All plants need mineral ions, especially nitrogen.

Intensive food production makes large demands on the soil because mineral ions are continually taken up by the crops being grown on it.

Mineral ions crops have absorbed are being removed. In natural ecosystems the minerals that have been removed from the soil by plants are removed when the plant dies and is broken down by microorganisms.

In agricultural systems the crop is harvested and then transported from its point of origin. The minerals are rarely returned to the same place and therefore the levels of mineral ions in agricultural land will fall.

It is therefore necessary to replenish these mineral ions otherwise they will become a limiting factor to plant growth and thus reducing productivity.

To offset this loss of minerals, fertilisers need to be added to the soil.

These fertilisers are of two types:

Natural fertilisers

Which consist of dead and decaying remains of plants and animals

Artificial Fertilisers

Mined from rocks and deposits which are then converted into different forms to give the appropriate balance of minerals for a particular crop

Inorganic Fertilisers

Since the invention of the Haber process in 1905 it has been possible to use inorganic fertilisers to improve yields, and this is a keystone of intensive farming. The most commonly used fertilisers are the soluble inorganic fertilisers containing nitrate, phosphate and potassium ions.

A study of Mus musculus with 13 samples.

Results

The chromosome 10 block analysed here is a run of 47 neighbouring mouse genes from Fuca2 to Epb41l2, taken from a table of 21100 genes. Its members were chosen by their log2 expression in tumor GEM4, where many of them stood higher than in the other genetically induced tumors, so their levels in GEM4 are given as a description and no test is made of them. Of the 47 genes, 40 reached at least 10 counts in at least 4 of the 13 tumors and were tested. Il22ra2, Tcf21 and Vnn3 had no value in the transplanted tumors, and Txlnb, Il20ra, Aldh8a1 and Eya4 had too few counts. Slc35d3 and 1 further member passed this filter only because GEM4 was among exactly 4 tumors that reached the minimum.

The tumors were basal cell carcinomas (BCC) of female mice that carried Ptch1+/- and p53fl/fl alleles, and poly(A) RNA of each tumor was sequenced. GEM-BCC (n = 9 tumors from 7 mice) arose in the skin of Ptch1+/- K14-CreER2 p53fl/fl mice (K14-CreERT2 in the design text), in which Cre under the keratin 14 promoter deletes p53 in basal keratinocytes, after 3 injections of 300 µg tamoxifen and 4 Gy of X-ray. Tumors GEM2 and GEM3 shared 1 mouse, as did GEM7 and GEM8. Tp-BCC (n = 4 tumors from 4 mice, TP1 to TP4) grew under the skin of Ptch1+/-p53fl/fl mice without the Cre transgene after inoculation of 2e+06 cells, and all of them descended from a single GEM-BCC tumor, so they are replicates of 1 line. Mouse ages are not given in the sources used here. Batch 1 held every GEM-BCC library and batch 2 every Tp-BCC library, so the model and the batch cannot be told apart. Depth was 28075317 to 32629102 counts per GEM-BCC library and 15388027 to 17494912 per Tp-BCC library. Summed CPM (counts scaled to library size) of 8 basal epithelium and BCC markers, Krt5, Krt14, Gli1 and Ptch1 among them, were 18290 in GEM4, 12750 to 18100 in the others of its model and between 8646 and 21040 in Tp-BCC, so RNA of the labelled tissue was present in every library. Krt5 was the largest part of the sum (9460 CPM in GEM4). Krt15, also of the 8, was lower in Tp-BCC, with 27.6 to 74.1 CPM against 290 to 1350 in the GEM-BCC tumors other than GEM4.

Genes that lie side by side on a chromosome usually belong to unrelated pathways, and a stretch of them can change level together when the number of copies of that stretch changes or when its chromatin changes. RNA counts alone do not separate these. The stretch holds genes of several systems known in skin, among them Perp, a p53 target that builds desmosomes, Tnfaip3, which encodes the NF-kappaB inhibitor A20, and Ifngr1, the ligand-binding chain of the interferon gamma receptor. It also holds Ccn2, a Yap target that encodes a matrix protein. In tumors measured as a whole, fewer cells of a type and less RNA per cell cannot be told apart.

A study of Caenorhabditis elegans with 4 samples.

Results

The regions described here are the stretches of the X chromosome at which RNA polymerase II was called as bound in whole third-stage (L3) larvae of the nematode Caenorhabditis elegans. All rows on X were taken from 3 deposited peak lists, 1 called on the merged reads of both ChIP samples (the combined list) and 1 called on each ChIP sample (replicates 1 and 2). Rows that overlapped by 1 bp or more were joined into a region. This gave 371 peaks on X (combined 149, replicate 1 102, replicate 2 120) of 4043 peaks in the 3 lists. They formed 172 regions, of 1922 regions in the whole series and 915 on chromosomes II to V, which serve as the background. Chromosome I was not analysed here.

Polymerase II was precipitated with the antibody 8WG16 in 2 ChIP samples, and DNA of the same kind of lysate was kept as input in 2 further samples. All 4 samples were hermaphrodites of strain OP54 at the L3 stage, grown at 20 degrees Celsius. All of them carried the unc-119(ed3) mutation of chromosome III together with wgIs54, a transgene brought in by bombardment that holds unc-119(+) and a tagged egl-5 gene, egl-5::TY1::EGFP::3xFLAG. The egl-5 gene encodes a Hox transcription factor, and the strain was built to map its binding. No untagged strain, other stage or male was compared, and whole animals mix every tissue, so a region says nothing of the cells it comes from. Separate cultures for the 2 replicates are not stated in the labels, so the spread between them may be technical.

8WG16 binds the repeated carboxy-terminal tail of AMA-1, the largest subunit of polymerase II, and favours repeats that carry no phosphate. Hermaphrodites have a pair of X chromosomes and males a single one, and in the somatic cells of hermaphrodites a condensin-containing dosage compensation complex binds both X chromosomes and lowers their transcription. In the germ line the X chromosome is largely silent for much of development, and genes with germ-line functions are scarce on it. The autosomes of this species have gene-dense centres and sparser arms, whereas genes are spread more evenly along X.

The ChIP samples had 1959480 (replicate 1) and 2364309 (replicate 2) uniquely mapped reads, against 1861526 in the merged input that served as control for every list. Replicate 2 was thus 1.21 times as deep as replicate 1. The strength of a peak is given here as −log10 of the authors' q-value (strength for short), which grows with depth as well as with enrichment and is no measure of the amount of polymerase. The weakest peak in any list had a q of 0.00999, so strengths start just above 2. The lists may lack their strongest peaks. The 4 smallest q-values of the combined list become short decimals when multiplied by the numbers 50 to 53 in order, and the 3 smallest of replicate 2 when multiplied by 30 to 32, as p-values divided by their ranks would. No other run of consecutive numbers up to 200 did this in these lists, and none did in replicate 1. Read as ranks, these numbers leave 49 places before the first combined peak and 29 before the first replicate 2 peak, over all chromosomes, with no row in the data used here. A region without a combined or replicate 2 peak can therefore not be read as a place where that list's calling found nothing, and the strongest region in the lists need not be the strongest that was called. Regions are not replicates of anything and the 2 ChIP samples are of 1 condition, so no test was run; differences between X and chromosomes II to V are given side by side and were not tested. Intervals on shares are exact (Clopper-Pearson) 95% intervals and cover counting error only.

Inorganic fertilisers are very effective, easy to apply, and can be tailored to each crop’s individual mineral requirements, but they can also have undesirable effects on the environment. Since nitrate and ammonium ions are very soluble, they do not remain in the soil for long and are quickly leached out, ending up in local rivers and lakes and causing eutrophication. They are also expensive and their manufacture is very energy-intensive, requiring fossil fuels, so it contributes to the greenhouse effect.

Organic Fertilisers

An alternative solution, which may do less harm to the environment, is the use of organic  fertilisers, such as animal manure, composted vegetable matter, crop residues, and sewage sludge. They contain the main elements found in inorganic fertilisers, but contained in organic compounds such as urea, proteins, lipids and organic acids. Plants cannot make use of these organic materials in the soil: their roots can only take up inorganic mineral ions such as nitrate, phosphate and potassium. But the organic compounds can be digested by the soil decomposers, who then release inorganic ions that the plants can use.